Seryddiaeth ac Astroffiseg

Course aims to offer knowledge and expertise for a career in the academic world, industry or to pursue a variety of other opportunities in which a strong background in physics, astrophysics or computing is useful and important.

The Astronomy & Astrophysics research group at Cardiff University studies a range of topics in galactic and extragalactic astronomy and cosmology, including both theory and observation, and the development of astronomical instrumentation related to these topics. Major subjects include: observations of high-redshift galaxies and their implications for both cosmology and galaxy formation; theoretical, computational and observational studies of the formation of stars and planetary systems; the design and construction of astronomical instrumentation, especially at millimetre and sub-millimetre wavelengths, for ground and space-based observatories and for studies of the Cosmic Microwave Background; theoretical work on early Universe cosmology and the large-scale structure of the Universe.


Cyswllt/Cysylltiadau Academaidd

Dr Mattia Negrello

Academic contact

Our principal objectives have to do with Origins: measuring the fluctuations from which the first clusters of galaxies formed; probing the formation, structure and evolution of galaxies, both today and at large look-back times; detecting new forms of matter; determining the relative abundances of the chemical elements in different parts of the Universe; detecting stars and planets in the earliest stages of formation and charting their birth throes.

These observational and instrumental activities are complemented by a strong and diverse theoretical programme which is also aimed at answering Origins questions, such as:

  • what determines the structure and dynamics of the enormous molecular clouds from which new stars and planets form
  • the efficiency of star formation and the masses with which stars form
  • the clustering properties of stars and why most stars are born in binary systems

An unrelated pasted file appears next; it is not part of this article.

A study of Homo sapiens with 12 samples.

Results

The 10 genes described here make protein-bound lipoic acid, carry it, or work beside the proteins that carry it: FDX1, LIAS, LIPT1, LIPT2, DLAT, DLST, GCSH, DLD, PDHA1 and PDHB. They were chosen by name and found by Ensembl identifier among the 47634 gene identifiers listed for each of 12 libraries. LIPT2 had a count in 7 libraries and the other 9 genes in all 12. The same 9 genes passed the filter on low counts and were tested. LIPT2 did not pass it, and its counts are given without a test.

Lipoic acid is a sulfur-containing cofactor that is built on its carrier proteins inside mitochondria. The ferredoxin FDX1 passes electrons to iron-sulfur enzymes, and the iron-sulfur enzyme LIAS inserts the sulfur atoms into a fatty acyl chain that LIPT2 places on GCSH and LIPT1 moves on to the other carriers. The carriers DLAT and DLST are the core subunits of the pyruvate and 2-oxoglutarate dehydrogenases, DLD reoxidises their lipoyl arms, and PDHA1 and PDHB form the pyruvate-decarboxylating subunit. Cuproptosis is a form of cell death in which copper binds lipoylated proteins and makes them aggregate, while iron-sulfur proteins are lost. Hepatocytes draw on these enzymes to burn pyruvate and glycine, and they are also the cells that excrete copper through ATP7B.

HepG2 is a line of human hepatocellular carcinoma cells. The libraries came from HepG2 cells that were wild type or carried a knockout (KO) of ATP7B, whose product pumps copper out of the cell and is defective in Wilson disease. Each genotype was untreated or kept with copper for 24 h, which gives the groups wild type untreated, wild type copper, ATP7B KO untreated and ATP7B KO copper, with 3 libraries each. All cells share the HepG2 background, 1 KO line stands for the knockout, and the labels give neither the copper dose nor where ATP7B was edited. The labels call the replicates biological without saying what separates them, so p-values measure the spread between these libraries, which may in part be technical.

• how galaxies form and how galaxies in clusters inter act with one another
  • how, when and where the chemical elements are synthesised
  • how the evolution and appearance of the Universe are affected by dust
  • how the process of galaxy formation relates to cosmology, particularly the large-scale structure of the "cosmic web"

These projects make extensive use of computer modelling and simulations, using national and international supercomputers, as well as powerful in-house parallel machines.

Another major activity is fundamental research in general relativity and gravitational wave astronomy. This includes both the design of gravitational wave telescopes, in particular the processes used to extract and analyse the extremely subtle signals they record; and prediction of the signals to be expected from likely sources such as black holes, supernovae, pulsars, inspiralling and coalescing neutron stars, and quantum processes occurring in the early Universe.

Searching for Cosmic Anomalies

This project will involve developing, testing and applying innovative statistical analysis techniques to real and simulated data sets.

Data mining at the South Galactic Pole

Automated methods of extracting the properties of millions of galaxies from survey data and identifying new classes of rare objects.

Machine learning to maximise the impact of ALMA

Development of new, automated methods for identifying sources in data from the Atacama Large Millimeter/submillimeter Array (ALMA).

Automated Searches for Ultra-Diffuse Emission from Stars

We are particularly interested in the fraction of stars that lie outside of easily recognised galactic structures as a means of tracing the assembly history of dark matter haloes of various masses.

Revealing Astronomical and Archaeological Information from Satellite Imaging Data (AA - Reveal)

The proposed project is to look at the further development of the astronomical software and to particularly consider its application to archaeological surveys.

Single crystal analysis of frustrated magnetic systems, using the world's leading powder diffraction instrument

This project would extend the use of WISH to cover robust single crystal analysis of diffuse scattering and weak Bragg peak data with in-situ measurements to extend our fundamental understanding of frustrated magnetic systems.


There are currently no funding opportunities available.

Ffioedd dysgu

Myfyrwyr y DU ac UE

Mynnwch y wybodaeth ddiweddaraf am ffioedd ôl-raddedigion.

Myfyrwyr tu allan i'r UE

Mynnwch y wybodaeth ddiweddaraf am ffioedd ôl-raddedigion.

Gwybodaeth am y Rhaglen

I gael gwybodaeth am strwythur y rhaglen, gofynion mynediad a sut i wneud cais ewch i’r rhaglen Ffiseg a Seryddiaeth.

Gweld y Rhaglen
Gostyngiad o £3,400 mewn ffioedd dysgu i fyfyrwyr cymwys o Gymru a’r UE sy'n dechrau gradd meistr ym mis Medi 2018.